Sunday, December 11, 2011

Piggies Rule

Yesterday was piggy day in Taipei (friend's video on FB). The DPP said 70,000 piggy banks were delivered to party HQ around the nation:
Thousands of supporters returned piggy banks yesterday, with the DPP’s headquarters in Pingtung County receiving about 1,200 piggy banks within two hours of opening its doors at 10 am.

The DPP’s regional campaign headquarters in Greater Taichung also saw a huge response, with supporters bringing in piggy banks weighing 70kg on a shoulder-pole. In Chiayi County, a supporter showed up with three live piglets, which immediately became the focus of many photographs.
In Taipei the DPP also said 50,000 people showed up to drop off piggy banks. Friends who were there said it certainly seemed like there were that many.

Meanwhile, despite the smear over a biotech investment (see post below this one) the DPP continues to gain momentum. Earlier today the NCCU prediction market was displaying irrational exuberance, with Tsai predicted to beat Ma by 9 points, and shares of Tsai selling for nearly $20 more than shares of Ma in the predicted winner market.

German press agency DPA turned in a surprisingly sympathetic article, despite a couple of errors. AP (in WaPo) reports that Tsai and Ma are now running neck and neck. It will be interesting to watch how the international media scores the last few intense weeks of this election. Don't forget there's a legislative election going on -- most everyone seems to, yet the legislature is in its way more important than the presidency.

The debate between the vice presidential candidates also seemed to go well for DPP Veep candidate Su. The key thing is that Su did not make any glaring errors. The DPP's game this time around seems to be a solid mistake-free ball control game. It makes for a bland election, but one I am very happy with.
Daily Links:
  • China Post with a surprisingly good editorial on Chiu Yi and the ridiculous striptease allegation.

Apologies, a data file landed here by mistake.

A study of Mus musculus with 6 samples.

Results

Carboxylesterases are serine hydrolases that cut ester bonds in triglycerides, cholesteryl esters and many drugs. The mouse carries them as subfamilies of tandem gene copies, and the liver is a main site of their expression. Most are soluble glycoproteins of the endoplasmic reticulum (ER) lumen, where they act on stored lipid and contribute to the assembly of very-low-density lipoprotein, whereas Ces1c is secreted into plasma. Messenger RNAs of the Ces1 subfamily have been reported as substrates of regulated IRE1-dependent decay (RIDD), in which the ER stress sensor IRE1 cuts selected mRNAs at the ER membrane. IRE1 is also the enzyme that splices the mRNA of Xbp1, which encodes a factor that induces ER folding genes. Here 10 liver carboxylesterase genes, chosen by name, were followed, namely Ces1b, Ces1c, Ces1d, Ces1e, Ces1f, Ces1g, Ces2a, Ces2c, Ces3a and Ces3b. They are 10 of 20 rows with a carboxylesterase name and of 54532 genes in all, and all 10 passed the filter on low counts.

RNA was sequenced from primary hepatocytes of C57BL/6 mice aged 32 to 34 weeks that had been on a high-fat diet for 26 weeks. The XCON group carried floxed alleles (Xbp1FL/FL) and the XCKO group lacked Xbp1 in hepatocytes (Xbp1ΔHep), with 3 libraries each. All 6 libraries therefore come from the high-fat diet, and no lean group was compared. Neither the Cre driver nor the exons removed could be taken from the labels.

• Drew with a fantastic post on biking and KMT propaganda.
  • Christian Science Monitor has a nice piece on Ma's proposal for a peace accord, which hurt his campaign badly. In it is mentioned Lai Shin-yuan, the TSU politician that Ma made head of the MAC. Remember when she was first appointed the international media crowed that she was a pro-independence politician?
    But for Taiwan to actually sign an accord, which was first suggested in 2008, it would require more public support at home and more trust in Beijing than exist today, says Lai Shin-yuan, the Taiwanese government's top policymaker in relations with China.

    “The opposition intentionally exaggerated this issue,” she charges. “They don’t have a China policy, so they’re always stirring things up, always making accusations ahead of the election, saying we’re going to sell out Taiwan or unify or whatever.”
    Looks like Lai learned to parrot the KMT line pretty fast, though as I noted in the post, she probably never was very green.
  • JustRecently on the prediction market and polls here.
Don't miss the comments below! And check out my blog and its sidebars for events, links to previous posts and picture posts, and scores of links to other Taiwan blogs and forums! Delenda est, baby.


Philip L said...

I would caution your readers not to be too optimistic (or pessimistic, depending on your hopes) about the results as 'predicted' by the prediction market (PM) because (and please correct me if I'm wrong):

1. The PM doesn't predict Tsai will beat Ma by 9 points - rather that those who think Tsai will win outscore those who think Ma will win by 9 points. But more importantly:

2. As actual money cannot be placed on the 'bets' (as that would be contrary to the law forbidding betting on elections) the PM 'prediction' is essentially meaningless.

Michael Turton said...

Philip L, there are TWO polls in the prediction market. One predicts WHO will win (Tsai sells for $20 more than Ma), the other predicts the winning margin (Tsai up by nine).

The PM prediction is often very accurate, despite its flaws. Much better than the polls!


Michael Turton said...

Philip, here is the prediction of who will win: (LINK); while this LINK will take you to the predicted margin of victory. You should be able to clearly see even though they ghost it. At present in the latter Tsai is up about 8.5 points.